Can’t Miss Episode of the Week: ‘Loki’ & ‘Legends of Tomorrow,’ a Time Travel Double Feature
Welcome to our weekly column Can’t Miss Episode of the Week! Every Saturday we’ll be spotlighting a different episode of television from that week that we thought was exceptional and a must-see. Check back to see if your favorite show got the nod — or to learn about a new one!
What’s better than one wacky, mischievous, completely bonkers time-travel show? Two of them! Luckily for viewers, both DC’s Legends of Tomorrow on the CW and Marvel’s Loki on Disney+ effectively employed that sci-fi story trope this week to produce their best episodes so far this season. Legends, now in its sixth season, has broken out of the rut it’s been in since it misguidedly sidelined fan-favorite Captain Sara Lance (Caity Lotz), and Loki, seems to have finally hit its stride in the third episode of this first season’s six-episode run. So enjoy a time travel double feature!
Interestingly with Loki, this episode’s break from the show’s setup with the TVA (Time Variance Authority) is what makes it so successful. While we love watching Tom Hiddleston, who plays the Asgardian trickster god, banter with Owen Wilson’s sly Agent Mobius, their exposition-heavy dialogue in those scenes have been a drag on the show. Not this time. Here, Loki escapes with the dangerous variant he and the TVA have been hunting – the one audiences have been calling Lady Loki, who we now know prefers to go by the alias Sylvie (Sophia Di Martino). The two wind up stranded on an alien moon soon doomed to be destroyed — as Sylvie points out, the worst of the possible apocalypses Loki could have transported them to.
This leads to what Lokis do best: come up with various hair-brained schemes to get what they want, which right now is just to survive. With the TVA keeping Loki on a short leash, this is definitely the element that the series has been missing: the idea that anything can happen because we never know what Loki is going to do next. Half the fun is he and Sylvie butting heads over exactly what the plan should be, but we also get genuinely touching moments as the variants share their pasts, and what drives them. There’s still much we need to learn about Sylvie, but she’s clearly not the monster the TVA made her out to be. And this episode truly swings for the fences: Loki reveals that he’s bisexual, making him the first openly queer named character in the MCU.
As usual, in spite of his brilliance, Loki’s arrogance dooms him. The episode has a rather gutsy ending with nothing resolved. Loki and Sylvie run out of ideas, and face the fact that they’re likely going to die on this moon. It’s hard to see what can possibly save them now (unless Agent Mobius comes to the rescue), but not knowing is thrilling.
While Loki thrives by going in a different direction this week, Legends of Tomorrow, one of the most wonderfully weird shows on television (this is the show that once pulled off a Jane Austen-Bollywood mashup episode after all), re-finds its rhythm by returning to what makes the show a real success. As previously mentioned, Sara, one of two original series regulars left, got separated from the team in last season’s finale when she was abducted by aliens. Sara (also bisexual, by the way) has spent the first six episodes of the season trying to get back to the Waverider so she could propose to girlfriend and co-captain Ava Sharpe (Jes Macallan). While we’ve been following her efforts, Sara is at her best when she has the rest of the team to command and riff off of, and the Legends are at their best when they have her to ground them.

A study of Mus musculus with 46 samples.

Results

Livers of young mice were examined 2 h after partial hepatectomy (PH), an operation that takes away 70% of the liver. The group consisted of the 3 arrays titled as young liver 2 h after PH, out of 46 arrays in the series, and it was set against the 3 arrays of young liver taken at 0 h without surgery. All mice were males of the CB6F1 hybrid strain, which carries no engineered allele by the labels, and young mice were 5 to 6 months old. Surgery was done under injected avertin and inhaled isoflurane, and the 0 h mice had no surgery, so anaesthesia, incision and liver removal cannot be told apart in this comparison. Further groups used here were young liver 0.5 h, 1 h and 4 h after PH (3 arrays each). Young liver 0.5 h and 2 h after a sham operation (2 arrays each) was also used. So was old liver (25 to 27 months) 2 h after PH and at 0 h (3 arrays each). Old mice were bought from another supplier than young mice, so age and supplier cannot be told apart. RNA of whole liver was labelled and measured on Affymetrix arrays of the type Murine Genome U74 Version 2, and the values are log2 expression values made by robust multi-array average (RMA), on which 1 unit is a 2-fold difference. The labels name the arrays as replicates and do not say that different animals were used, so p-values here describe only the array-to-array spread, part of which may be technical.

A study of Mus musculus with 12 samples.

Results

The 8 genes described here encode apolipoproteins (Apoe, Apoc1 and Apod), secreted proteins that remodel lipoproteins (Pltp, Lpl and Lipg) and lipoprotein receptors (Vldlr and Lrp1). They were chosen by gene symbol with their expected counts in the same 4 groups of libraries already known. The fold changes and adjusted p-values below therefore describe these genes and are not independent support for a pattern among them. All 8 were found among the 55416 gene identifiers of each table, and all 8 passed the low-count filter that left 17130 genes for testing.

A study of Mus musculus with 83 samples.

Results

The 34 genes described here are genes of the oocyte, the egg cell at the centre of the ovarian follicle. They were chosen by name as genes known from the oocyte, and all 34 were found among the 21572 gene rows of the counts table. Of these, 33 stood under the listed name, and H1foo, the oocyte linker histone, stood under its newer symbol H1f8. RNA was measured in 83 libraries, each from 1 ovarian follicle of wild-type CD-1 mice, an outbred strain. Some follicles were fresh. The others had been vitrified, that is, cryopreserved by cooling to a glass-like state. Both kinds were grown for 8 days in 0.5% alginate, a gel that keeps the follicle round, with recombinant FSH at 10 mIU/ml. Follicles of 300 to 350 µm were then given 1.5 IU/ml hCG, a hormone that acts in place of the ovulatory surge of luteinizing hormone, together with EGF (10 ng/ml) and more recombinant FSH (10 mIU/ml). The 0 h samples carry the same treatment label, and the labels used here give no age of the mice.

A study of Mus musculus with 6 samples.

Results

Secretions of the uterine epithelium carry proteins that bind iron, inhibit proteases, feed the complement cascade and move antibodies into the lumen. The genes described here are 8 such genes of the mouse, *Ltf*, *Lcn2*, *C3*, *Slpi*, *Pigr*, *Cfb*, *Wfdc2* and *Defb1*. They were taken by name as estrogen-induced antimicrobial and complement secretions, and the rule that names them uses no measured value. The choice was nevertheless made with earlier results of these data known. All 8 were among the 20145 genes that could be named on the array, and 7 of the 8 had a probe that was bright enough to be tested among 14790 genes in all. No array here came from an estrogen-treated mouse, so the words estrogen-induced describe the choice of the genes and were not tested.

Thankfully, this episode gets the gang back together and is a total rollercoaster as the Legends try to save Sara by committing a time-don’t and going back in time to stop her from ever being abducted in the first place, in an homage to one of the greatest time travel films of all time, Back to the Future Part II (1989) — the episode is actually called “Back to the Finale: Part II.” Unlike Marty McFly, their plan utterly fails, but it’s okay because Mick (Dominic Purcell) succeeds in bringing home the current Sara (in her new clone/alien body). To fully stick the landing on this homecoming, Sara finally gets engaged to Ava in a truly heartfelt scene.
These episodes are both wildly fun and rich in emotion and character development. When Loki and Sylvie aren’t using magic to board a train or making a mad dash through a doomed city in a last ditch effort to board an arc spaceship, they’re connecting with each other and with us. The Legends, meanwhile, break all the rules to try to get their friend back, and that’s what we love about them.
Other observations that we thought made these episodes standout:
- The scene where Loki sings an Asgardian tune on the train is hauntingly beautiful.
- We learn some Earth-shattering new information about the TVA, which is that everyone who works there are variants who once had human lives but can’t remember them. I wouldn’t be surprised if the TVA winds up being the ultimate villain of the show.
- Loki doesn’t seem to care about many people, but here he once again shows that unabashed love he has for his mother that we saw when he was grieving her death in Thor: The Dark World.
- With Sara being in space all season, she hasn’t had the chance to meet new character and team member Spooner (Lisseth Chavez), but in one of the episode’s best scenes the two have a heart-to-heart, and quell some of each other’s more pervasive doubts about themselves.
- In this episode, Legends has a lot of that great meta-humor that they often have, as they try to explain to Spooner what a “finale” is.